Christmas means golden coins stuffed in my very own handmade advent calendar. It’s having your mum say ‘no you can’t have that, it’s for Christmas‘ even though its December 21st and all you want is a piece of Turkish delight.
Christmas is about fairy lights and chasing peoples outdoor decorations, getting lost in neighbourhoods on the hunt for the best. It’s about always looking for the one house in the local area that puts on a big display every year for charity and watching the kids look on in awe, just as I did when I was that age.
Christmas is when mum puts special Christmas collars onto the cats, red and white with bells on, so you hear them jingling around all day. It’s also when, after Christmas dinner, your mum and the cat fall asleep and you can’t tell which is snoring the loudest.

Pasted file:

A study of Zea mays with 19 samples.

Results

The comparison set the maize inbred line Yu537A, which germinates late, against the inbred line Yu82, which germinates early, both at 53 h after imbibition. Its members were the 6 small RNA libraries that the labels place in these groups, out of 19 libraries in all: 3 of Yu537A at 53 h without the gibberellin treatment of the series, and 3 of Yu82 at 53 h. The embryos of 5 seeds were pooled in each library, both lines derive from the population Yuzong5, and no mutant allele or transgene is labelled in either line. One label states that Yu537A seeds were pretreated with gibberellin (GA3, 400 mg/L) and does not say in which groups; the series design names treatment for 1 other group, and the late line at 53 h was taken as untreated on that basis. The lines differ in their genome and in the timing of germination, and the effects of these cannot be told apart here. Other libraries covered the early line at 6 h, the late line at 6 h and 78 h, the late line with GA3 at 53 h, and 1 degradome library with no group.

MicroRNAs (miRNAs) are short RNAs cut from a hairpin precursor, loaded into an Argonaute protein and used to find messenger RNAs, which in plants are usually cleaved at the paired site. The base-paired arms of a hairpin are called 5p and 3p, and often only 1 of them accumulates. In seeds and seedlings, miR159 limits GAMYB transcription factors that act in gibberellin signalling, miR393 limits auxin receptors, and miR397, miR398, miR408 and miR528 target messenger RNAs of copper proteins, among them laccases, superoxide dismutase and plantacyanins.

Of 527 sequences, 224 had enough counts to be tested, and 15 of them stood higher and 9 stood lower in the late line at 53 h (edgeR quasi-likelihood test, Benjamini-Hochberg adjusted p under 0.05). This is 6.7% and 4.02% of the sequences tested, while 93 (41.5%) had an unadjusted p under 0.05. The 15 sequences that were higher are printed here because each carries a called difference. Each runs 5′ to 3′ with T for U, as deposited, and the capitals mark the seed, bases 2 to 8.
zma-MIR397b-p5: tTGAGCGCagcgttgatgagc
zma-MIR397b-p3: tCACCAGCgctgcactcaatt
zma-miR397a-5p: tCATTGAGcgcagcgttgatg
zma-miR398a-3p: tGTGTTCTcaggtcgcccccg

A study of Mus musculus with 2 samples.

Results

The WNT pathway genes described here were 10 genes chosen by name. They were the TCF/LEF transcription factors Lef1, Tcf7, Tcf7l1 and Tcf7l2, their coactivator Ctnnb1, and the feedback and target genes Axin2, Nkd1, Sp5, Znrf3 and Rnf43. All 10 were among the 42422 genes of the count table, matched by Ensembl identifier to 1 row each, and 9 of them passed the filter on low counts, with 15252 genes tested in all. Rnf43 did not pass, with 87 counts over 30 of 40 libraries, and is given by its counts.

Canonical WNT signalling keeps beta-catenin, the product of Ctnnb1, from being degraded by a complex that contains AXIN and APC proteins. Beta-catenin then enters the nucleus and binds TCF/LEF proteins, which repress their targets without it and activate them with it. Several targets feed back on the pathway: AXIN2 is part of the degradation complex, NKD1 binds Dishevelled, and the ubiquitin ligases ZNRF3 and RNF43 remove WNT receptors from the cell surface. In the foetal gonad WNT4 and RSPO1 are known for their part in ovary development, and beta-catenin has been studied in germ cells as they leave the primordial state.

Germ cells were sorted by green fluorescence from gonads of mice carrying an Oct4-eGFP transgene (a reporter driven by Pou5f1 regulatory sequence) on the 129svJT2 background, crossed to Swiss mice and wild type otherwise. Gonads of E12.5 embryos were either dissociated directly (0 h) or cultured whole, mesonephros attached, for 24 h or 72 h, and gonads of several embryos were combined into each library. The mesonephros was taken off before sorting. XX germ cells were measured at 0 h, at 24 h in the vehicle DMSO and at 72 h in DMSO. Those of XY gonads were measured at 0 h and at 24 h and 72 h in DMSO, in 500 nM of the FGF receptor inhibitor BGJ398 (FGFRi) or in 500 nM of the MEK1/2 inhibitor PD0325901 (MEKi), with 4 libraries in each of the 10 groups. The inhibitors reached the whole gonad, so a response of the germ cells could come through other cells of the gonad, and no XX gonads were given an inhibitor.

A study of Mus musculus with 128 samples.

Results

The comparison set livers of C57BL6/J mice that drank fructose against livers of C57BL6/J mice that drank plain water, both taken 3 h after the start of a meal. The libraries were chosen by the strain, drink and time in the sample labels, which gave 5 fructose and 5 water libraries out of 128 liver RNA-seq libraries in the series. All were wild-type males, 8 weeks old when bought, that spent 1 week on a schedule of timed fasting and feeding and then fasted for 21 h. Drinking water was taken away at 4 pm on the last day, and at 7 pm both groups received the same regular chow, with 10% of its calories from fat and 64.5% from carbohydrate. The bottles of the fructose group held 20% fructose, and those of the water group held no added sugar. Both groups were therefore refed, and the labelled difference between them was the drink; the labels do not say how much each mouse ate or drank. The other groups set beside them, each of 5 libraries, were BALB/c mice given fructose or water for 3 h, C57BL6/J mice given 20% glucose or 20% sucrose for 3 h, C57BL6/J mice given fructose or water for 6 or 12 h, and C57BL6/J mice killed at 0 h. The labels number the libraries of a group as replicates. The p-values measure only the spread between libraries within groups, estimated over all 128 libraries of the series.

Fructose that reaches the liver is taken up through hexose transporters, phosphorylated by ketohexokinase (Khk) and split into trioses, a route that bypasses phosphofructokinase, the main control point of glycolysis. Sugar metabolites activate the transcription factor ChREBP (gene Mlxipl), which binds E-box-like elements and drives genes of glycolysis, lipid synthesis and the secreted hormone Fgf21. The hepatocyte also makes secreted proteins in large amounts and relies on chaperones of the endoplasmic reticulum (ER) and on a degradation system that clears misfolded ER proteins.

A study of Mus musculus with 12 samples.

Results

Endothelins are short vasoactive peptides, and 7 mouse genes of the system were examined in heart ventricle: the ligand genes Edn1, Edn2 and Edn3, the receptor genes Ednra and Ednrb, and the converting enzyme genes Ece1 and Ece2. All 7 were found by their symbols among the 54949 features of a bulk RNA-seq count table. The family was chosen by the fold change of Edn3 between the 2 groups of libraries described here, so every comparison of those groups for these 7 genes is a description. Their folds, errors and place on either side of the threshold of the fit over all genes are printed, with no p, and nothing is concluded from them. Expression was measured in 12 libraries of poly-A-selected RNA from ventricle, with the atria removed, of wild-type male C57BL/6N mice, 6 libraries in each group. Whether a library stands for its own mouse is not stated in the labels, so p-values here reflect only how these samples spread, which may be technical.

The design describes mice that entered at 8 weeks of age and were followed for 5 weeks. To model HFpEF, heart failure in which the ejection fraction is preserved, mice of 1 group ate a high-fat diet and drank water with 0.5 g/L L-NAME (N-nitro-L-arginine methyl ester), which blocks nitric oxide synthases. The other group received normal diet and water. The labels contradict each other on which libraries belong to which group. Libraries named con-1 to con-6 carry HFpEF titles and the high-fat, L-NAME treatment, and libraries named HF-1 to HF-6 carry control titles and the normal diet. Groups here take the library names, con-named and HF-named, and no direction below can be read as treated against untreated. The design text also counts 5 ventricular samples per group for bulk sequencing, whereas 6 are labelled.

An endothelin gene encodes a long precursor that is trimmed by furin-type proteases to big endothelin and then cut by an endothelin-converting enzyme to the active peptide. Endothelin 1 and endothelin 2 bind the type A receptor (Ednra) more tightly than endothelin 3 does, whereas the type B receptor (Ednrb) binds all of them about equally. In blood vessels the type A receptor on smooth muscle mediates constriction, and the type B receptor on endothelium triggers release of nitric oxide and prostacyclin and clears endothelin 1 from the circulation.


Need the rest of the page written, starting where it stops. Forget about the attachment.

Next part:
As I have grown up, Christmas has come to mean traffic jams. Pitch black roads, illuminated by red and white car lights, all lined up, as I wait on the long slog bus journey to start my shift for work. While working in the hospitality industry at Christmas time can be bloody tough, it hasn’t quite killed that festive spirit for me yet.
Rather specifically, Christmas to me is about the library. For the past four years, December has been spent living in the library trying to finish the endless essays that were always due in the last week of term. Now im no longer a student, I look back at those memories with an odd nostalgia.
And Christmas is also about the little things. New pyjamas, fluffy scarves and matching booty cuffs. Scented candles, Micheal Buble and gingerbread houses. Christmas windows, fireplaces and after-work drinks.
Oh, and of course, plenty of advocaat and lemonade.
Now we have our own place, our own little fur baby and no university, I plan on keeping up the traditions and adding a few more. I can’t wait to see what future Christmases will mean to me.